A friend recently sent me this article on a new study by a philosophy student at Sydney University looking into how men’s sex lives are impacted by partners suffering with endo (a.k.a endometriosis), and it’s created quite a stir.
I get it. As someone who as endured endo and adenomyosis through my entire adult life, and a good 15 years of it going undetected (let alone not even knowing there was a name for it), it’s tempting to think, “forks to that!”
When there is so little known about what, why and how women get endo in the first place let alone the battle to have the medical profession and society in general understand the implications on women suffering through years of excruciating pain, depression, infertility, painful sex and the financial and social implications around jobs/work/sick leave, families, friends, social activities, relationships and partners, all the while keeping it hushed because quite frankly, it is NOT a sexy topic, then it’s easy to feel irate.
When endo is shrouded in some dark-age mystery of “women’s problems,” why is the one, desperately needed spotlight suddenly flashed on the impacts for MEN?
But I’m open. And I’m listening. And I think why not? Why not bring men into the picture? Because the fact is it DOES impact on men. And those men supporting their wives and partners don’t know what to do, because no one is talking about it.
Endometriosis, for women, men and society at large, needs to be talked about.
These are some facts from my e-book, Beyond PMS – Understanding Endometriosis:
- 1 in 10 women suffer from endo.
- There’s a delay in diagnosis of between 7-10 years.
- 35-50% of women suffering some form of infertility and/or pelvic pain knowingly or unknowingly have endo.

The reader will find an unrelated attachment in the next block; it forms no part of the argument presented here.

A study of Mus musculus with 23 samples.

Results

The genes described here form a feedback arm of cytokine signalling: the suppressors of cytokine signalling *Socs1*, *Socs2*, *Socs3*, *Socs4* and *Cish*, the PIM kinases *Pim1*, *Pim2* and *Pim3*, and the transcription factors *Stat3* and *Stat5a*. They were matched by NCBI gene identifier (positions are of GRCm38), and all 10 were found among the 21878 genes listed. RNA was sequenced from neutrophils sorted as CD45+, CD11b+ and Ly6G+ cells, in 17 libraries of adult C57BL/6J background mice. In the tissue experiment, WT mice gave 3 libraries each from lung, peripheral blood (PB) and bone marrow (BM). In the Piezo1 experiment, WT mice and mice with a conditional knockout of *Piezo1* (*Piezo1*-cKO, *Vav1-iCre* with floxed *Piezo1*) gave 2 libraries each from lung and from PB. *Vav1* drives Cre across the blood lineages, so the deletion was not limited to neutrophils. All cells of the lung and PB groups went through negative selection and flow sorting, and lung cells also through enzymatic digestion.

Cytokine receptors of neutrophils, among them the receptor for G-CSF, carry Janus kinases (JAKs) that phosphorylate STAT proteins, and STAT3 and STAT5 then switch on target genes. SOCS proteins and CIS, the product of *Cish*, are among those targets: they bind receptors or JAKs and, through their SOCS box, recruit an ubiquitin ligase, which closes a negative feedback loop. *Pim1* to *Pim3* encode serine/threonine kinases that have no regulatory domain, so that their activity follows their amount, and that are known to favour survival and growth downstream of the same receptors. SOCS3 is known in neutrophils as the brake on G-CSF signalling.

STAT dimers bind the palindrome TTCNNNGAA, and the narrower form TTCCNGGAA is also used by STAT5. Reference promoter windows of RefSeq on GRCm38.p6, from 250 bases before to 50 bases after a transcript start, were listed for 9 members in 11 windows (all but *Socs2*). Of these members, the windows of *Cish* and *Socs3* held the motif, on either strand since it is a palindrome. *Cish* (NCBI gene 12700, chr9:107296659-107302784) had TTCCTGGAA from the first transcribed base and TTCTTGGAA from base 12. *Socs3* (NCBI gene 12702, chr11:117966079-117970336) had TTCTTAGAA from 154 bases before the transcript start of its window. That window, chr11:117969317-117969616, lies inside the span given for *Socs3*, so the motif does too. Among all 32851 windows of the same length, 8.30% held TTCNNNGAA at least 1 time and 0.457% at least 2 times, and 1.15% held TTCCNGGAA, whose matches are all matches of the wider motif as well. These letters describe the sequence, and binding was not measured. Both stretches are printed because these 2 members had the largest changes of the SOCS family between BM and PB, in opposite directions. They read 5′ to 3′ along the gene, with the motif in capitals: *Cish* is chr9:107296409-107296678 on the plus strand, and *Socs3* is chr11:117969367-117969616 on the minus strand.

- Average cost of endometriosis (AUD$) per woman per year:
- Total = $12K
- Lost work productivity = $8K
- Direct health care costs = $4K
- Average yearly cost of endometriosis on Australian society as a whole: $7.7 billion:
- Approx. $5.2 billion relates to loss of work productivity
- Approx. $2.5 billion relates directly to health care costs*
*In comparison, diabetes, considered one of the most targeted chronic conditions in Australia, costs just $1 billion annually in direct health care costs compared with Endo’s $2.5 billion.
These stats relate to women. But it’s easy to see the knock-on effects. Many of those women have partners who are also suffering through infertility, and yes, a non-existant sex life. That’s a real issue for couples. And it broadens out to show how government, the medical field and private enterprise aren’t even seeing the bigger financial cost of remaining ignorant to the impacts on business and the economy.
And unless we start understanding the seriousness of the condition, the desperation of those women suffering from it, and that it IS an issue that society as a whole needs to address, then it will stay stuck in the dark ages as a “women’s issue.”
And men will continue to stay silent and awkward, not knowing how to handle whatever it is their partner is going through and not knowing how to help or vocalize the knock on effects on their lives and yes, on their sex lives.
Endometriosis is chronic, seriously misunderstood and needs a lot more attention. So the broader the conversation and the more we bring in those people suffering on the periphery, the better chance we have in increasing awareness, funding, research and solutions.
And to all those wonderful men out there who DO understand and support their partners, wives and girlfriends, thank you.
Kate is a qualified naturopath who is passionate about helping women heal from hormonal havoc and inspiring women to know their own power, worth and wisdom.
Kate offers one-on-one Skype consults for irregular cycles, PMS and period pain, endometriosis, PCOS, peri-menopause, mood swings, fatigue and mental and emotional stress.
Simply drop me an email to see how I can help you!